How Accepting Rejection Benefits Your Mental Health


The pain you get from being rejected is, at times, unbearable. You may have been rejected by someone you like or by your dream job. You can’t but feel helpless under such situations, as if it’s already the end of your journey for you.

However, life doesn’t end there; rejection is a process we all go through. Pain is not always bad; sometimes, the pain we receive only makes us stronger. For some, rejection is a vital step that helps improve your mental health.

What Happens If You Don’t Accept Rejection?

Rejection occurs when an individual is pushed away by someone or something. It can be a romantic partner who may have rejected your proposal for marriage. It can also be a friend who thought of letting go of your friendship.

Each person has a “critical inner voice,” a side of themselves that is turned against them and their circumstances. This “voice” frequently becomes intense after a breakup, twisting a person’s experience through a distorted filter. — Lisa Firestone, Ph.D.

No matter what the situation may be, the outcome for failing to accept rejection may include the following:

  • Anxiety And Stress

The first of three problems that may occur involves anxiety and stress. When you are rejected, especially by a romantic partner, you can’t help but feel as if you weren’t enough. You end up overthinking and believing that there’s a problem in you when there’s none. Fixating your thoughts on the rejection because you’re unable to accept it only keeps you stressed.

  • Depression

Depression is the next problem you may face from rejection. These may often result in self-harm as a means of escape from an overwhelming sense of being rejected. You can’t seem to feel any better, and the more you go back to your rejection, the worse you feel.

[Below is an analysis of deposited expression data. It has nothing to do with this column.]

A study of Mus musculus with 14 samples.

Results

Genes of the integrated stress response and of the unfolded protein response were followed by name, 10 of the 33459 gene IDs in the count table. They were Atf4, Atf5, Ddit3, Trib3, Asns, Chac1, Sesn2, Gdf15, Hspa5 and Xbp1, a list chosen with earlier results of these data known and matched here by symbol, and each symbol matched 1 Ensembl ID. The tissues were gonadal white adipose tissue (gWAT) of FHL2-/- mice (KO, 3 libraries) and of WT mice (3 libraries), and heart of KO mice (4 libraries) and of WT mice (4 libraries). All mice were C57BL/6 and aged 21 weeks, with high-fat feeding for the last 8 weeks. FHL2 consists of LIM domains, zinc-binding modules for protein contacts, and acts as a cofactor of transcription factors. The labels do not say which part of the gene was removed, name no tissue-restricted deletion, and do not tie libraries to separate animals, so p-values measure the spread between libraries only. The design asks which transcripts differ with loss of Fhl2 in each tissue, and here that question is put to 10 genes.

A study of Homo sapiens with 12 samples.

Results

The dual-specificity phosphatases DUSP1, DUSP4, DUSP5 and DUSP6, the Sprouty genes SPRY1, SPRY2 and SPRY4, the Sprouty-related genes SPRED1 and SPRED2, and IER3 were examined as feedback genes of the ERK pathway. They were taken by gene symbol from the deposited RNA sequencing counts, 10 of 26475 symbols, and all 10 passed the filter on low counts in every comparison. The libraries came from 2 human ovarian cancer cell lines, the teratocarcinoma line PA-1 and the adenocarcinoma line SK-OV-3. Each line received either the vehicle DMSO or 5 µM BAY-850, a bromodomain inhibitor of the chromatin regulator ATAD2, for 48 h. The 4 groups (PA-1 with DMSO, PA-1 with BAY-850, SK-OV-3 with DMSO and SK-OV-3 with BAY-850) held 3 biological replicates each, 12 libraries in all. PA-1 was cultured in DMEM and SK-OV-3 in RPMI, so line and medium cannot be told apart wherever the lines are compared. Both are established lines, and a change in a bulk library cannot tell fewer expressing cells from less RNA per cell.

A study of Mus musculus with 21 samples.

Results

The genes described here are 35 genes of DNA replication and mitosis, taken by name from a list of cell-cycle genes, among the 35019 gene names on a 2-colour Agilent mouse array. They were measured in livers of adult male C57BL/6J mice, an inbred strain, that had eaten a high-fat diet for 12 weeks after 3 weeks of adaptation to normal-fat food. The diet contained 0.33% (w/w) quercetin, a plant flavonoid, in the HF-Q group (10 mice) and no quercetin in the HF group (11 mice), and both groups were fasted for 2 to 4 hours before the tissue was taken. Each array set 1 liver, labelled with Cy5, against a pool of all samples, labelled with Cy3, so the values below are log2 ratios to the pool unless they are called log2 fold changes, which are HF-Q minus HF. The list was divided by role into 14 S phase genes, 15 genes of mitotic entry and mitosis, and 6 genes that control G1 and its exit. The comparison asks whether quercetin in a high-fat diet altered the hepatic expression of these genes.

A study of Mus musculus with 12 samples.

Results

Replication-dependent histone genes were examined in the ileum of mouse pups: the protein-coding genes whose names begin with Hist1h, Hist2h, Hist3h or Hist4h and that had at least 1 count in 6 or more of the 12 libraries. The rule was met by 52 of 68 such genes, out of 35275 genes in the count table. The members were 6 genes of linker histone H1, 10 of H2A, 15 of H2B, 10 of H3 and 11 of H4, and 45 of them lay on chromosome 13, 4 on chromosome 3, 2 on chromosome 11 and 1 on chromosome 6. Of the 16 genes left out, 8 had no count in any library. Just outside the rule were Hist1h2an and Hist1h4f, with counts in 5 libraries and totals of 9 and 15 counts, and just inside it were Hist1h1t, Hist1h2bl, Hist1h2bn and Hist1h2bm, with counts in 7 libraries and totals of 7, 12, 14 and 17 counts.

• Trauma

Trauma is one of the worse conditions you can receive from rejection. Usually, this results from being rejected over a long period. An excellent example of this situation would be when parents reject a child who keeps failing at school or has no friends. Exposure to such a condition can have terrible psychological effects on the child.

Recognize that if someone is just not into you, trying to prove how “right you are for her” is most likely going to do little more than repeatedly prove just how “wrong for her” she believes you to be. — Suzanne Degges-White Ph.D.

Accepting Rejection

You need to take rejecting grace so that you can avoid the conditions or problems you may face from failing to do so. By completely accepting the situation and moving on, you will discover that you will be happier. Doing so makes you realize that rejection isn’t the end of your journey. Instead, it was an experience that can help you grow even stronger and better.

Here are four ways on how accepting rejection benefits your mental health.

  1. Let Rejection Serve As A Motivation To Do Better

Let rejection drive you to feel that you can do better. Don’t let it drag you down, especially if you know that you can prove the people around you wrong.

  1. You Discover A Different Path In Life

By being rejected in one opportunity, you open up paths to new ones. There is a better opportunity for you out there, and the only way for you to see it is through rejection. Try something you’ve never done before and continued your journey.

  1. Rejections Help You Reconsider And Reevaluate Your Life

You end up learning more about yourself. You discover and understand better the things you like and hate. With rejections, you may end up pursuing something that suits you better.

  1. You Learn To Become Patient

After being rejected by your dream job or a lover you’ve been pursuing for a long time, you can’t help but give up. However, by accepting such a situation, you become capable of moving on. You learn you can’t always have what you want. You need to be patient and continue to work hard.

Be vigilant to not give anyone who doesn’t really know you that much influence over your self-image. Certainly a 30 second chat, or even several dates, doesn’t qualify someone as an expert on “you” to judge you. — Jeremy Nicholson M.S.W., Ph.D.

If it’s too much for you, you can stop. Give yourself time to recover. In time, you’ll be ready again to pursue your growth.